Madagascar Updates: Chapter 16

Madagascar, 11th edition

Please use the comments facility below to submit updates to chapter 16 (The West) of Madagascar (11th ed).

To comment on other chapters visit the main Madagascar Updates page.

You can order a copy of the Madagascar guide here.

3 Comments

  1. 3 November 2013 at 5:09 am

    Camping is no longer allowed at Kirindy due to the fossa in the area. The park entrance-restaurant-bungalow area is part of the territory of several fossa and it is currently considered inappropriate to camp there as a result. The cheapest alternative is a dormitory bed for Ar30,000 (room sleeps up to 4 pp.). Showers associated with the dormitories are indeed bucket showers, as is often the case in Madagascar when camping or using budget accommodation. Fabulous night walk with lots of lemurs as well. Great place to visit. Make sure you stay overnight so you can do the night walk, and go out for an early morning walk too. As in most reserves in Madagascar, the guides are very knowledgeable and passionate about their work. The road from Morondava to Kirindy is good (dirt) and a 2WD vehicle will be fine if this is as far as you are going – ie not continuing to the Tsingy de Bemeraha for which a 4WD vehicle will definitely be required. This was August 2013.

  2. Daniel Austin said,

    30 November 2012 at 9:26 pm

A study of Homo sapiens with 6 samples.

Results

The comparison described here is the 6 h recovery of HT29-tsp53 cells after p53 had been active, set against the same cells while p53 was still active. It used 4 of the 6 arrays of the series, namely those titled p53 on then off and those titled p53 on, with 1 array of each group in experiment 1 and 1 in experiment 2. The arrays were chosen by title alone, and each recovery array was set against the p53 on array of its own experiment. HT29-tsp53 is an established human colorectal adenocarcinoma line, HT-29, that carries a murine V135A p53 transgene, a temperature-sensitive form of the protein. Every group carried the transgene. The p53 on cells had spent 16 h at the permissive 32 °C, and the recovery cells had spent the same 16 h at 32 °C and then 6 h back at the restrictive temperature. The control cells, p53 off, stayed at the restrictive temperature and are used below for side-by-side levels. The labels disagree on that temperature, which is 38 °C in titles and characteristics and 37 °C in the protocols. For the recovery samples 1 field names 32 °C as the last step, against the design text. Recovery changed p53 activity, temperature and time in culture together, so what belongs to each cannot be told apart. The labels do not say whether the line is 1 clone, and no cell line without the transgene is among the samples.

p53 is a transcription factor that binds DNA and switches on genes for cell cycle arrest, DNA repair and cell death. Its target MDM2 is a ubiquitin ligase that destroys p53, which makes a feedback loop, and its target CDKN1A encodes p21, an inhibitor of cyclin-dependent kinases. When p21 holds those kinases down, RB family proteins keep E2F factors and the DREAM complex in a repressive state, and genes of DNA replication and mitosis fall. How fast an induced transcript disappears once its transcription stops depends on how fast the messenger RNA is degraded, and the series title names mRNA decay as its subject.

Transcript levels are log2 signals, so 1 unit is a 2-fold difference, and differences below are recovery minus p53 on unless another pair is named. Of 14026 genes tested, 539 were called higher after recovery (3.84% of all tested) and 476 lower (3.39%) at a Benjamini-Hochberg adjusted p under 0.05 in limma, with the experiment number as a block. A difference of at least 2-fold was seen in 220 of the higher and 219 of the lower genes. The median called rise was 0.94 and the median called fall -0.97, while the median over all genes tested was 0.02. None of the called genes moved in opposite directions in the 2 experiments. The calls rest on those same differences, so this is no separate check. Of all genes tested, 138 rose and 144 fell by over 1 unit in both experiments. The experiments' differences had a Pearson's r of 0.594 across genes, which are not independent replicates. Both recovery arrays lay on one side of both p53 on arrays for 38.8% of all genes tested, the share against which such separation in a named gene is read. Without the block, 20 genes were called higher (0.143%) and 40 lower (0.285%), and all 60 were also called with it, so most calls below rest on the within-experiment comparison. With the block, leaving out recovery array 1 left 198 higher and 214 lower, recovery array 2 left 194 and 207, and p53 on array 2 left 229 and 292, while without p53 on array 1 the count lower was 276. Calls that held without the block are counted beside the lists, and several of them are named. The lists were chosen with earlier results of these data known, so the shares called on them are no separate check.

Between Morondava and Belo-sur-Mer is the small village of Ankevo-sur-Mer where a Belgian association called ADDA has set up a small number of community-run bungalows. Families in the village take turns being responsible for the bungalows, switching once a family has generated a certain amount of income. For more details contact Marcel Willems (tel: 95 928 41; email: marcel.willems977@gmail.com). The organisation also runs other community development projects in the area.

    • Alastair Cameron said,

      30 May 2013 at 8:10 pm

      We visited Ankevo by chance in May 2013 – it was wonderful. We were sailing in a pirogue to Belo but the wind was coming strong from the south and six hours after leaving Morondava our piroguier decided to call at Ankevo instead. We got a great welcome from Jean-Pierre, and he set us up with one of the bungalows for the night, and a village lady prepared our evening meal.
      The instituteur and guide, Mahatsanga, took us to see a sacred baobab about 4 km east of the village, beyond Ankevo-Terre; the village’s claim is that this is the baobab with the greatest girth in Madagascar, at 22.1m.
      Jean-Pierre can be contacted on 00 261 (0)33 07 489 10.
      We never got to Belo – and the wind changed direction overnight so it took us 7 hours to get back to Morondava!